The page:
How to photograph a cascading bouquet
Every wedding that I had in July included a cascading bouquet! I love working with these types of bouquets, but they can be trickier to photograph. You will need to approach styling a bit differently for flat lay photos (typically taken during bridal details) and you will need to make sure it's turned a particular way when the bride is holding it.
Here's how I approach cascading bouquets!
Flat lay photos
You can put almost any bouquet flat on the ground and it will look good! But this isn't true for cascading bouquets. They are obviously heavier on the cascading side, which causes the bouquet to turn over and expose the stems. If you want to do a flat lay of the cascading bouquet, try propping it up just a little with a small lens. Hide the lens so that you can't see it under the bouquet and there you go!
Tip: Don't forget to turn the bouquet so that the cascade is to the side of your photograph. This will create more depth and interest.
If the couple is facing you, you won't encounter any problems with a cascading bouquet. It's when the couple turns to face each other that your problems will begin.
Cascading bouquets can be heavy, so try to mix up your direction (aka relaxed, natural posing) so that the bouquet doesn't get too heavy to hold. Direct them into poses that will naturally point the front of the bouquet toward you.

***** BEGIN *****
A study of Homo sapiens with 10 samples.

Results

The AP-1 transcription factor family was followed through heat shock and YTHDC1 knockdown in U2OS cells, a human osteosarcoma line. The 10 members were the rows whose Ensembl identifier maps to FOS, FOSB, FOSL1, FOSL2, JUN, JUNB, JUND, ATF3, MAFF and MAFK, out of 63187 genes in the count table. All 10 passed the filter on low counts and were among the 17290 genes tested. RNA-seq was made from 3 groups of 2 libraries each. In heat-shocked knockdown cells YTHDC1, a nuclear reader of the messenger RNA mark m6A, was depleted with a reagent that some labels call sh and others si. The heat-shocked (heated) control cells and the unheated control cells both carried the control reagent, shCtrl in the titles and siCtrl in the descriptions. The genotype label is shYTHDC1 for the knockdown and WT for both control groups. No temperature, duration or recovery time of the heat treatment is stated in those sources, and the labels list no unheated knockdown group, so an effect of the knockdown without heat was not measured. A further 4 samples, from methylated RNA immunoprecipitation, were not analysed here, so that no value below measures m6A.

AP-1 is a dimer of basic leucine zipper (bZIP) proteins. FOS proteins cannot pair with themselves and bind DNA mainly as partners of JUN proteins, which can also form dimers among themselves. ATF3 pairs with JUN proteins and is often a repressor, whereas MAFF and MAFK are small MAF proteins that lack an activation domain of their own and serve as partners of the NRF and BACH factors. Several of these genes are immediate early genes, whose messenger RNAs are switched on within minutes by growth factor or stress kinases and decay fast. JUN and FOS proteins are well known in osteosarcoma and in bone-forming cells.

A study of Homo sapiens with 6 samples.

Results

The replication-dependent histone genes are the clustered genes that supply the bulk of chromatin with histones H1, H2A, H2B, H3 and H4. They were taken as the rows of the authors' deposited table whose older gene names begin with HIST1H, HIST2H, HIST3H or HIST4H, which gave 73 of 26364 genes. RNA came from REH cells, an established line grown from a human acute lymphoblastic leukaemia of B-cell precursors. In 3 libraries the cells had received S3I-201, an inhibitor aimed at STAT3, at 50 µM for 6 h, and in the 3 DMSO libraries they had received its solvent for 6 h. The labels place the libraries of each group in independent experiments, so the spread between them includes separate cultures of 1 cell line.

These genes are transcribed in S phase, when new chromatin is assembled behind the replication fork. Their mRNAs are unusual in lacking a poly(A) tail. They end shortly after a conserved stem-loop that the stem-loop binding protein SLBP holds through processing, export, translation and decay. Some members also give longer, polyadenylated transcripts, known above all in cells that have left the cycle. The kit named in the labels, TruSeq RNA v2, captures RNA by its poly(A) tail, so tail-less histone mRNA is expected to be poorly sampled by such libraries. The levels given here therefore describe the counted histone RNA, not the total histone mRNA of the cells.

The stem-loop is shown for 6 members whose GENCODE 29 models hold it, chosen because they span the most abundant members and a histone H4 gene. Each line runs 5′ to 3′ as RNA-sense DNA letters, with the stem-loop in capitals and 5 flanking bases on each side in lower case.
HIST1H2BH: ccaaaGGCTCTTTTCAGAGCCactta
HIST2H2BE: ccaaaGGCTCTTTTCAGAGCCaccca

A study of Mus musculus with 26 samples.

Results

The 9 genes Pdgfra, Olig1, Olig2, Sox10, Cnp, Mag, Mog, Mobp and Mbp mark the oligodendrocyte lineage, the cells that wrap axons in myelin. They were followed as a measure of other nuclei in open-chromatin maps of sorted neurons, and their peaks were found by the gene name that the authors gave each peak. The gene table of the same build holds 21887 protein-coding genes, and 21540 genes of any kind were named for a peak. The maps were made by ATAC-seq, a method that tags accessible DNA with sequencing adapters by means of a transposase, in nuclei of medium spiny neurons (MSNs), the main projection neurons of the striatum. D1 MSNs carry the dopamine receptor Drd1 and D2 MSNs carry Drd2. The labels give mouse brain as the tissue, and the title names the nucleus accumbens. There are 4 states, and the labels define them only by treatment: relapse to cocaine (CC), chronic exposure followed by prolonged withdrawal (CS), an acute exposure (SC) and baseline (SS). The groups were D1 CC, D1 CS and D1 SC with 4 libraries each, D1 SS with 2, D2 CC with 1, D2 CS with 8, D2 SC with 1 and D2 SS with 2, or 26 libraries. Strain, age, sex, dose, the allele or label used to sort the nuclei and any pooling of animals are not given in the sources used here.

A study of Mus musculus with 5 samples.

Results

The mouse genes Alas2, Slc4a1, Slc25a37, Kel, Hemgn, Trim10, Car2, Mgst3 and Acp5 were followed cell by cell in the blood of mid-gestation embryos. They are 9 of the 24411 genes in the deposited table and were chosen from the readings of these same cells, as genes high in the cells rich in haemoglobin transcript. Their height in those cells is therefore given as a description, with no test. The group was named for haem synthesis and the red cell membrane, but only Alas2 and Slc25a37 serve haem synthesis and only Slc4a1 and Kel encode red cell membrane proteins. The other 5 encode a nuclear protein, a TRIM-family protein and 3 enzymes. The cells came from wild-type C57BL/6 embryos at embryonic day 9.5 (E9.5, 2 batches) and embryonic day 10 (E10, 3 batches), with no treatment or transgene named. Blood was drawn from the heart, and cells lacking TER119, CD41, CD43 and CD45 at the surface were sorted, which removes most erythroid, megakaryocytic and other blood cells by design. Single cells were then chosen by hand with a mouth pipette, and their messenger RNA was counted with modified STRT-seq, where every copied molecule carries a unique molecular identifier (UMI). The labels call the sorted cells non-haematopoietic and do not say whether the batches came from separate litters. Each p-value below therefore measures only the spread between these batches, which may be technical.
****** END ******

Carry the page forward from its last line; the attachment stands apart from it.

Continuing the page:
If you want to take a photo from the side, just ask your bride to turn the bouquet slightly towards you. You will still be able to see the greenery without highlighting the numerous stems that made the bouquet possible.
I describe myself as a fine art and documentary photographer. This is because I love styling images and creating art using the emotion and beauty of a wedding day, but I also know when I need to step back and let the moment speak for itself. You won't need to worry about the bouquet as much during candid photos (ceremony, reception) because it wouldn't be the best for your bride.
For example, she doesn't want her photographer walking to the front of the aisle to adjust her bouquet. Don't do that. Instead, let the moments play out. Now, if she is just walking back to the venue from sunset photos and a slight turn of the bouquet would make the photo, just say something!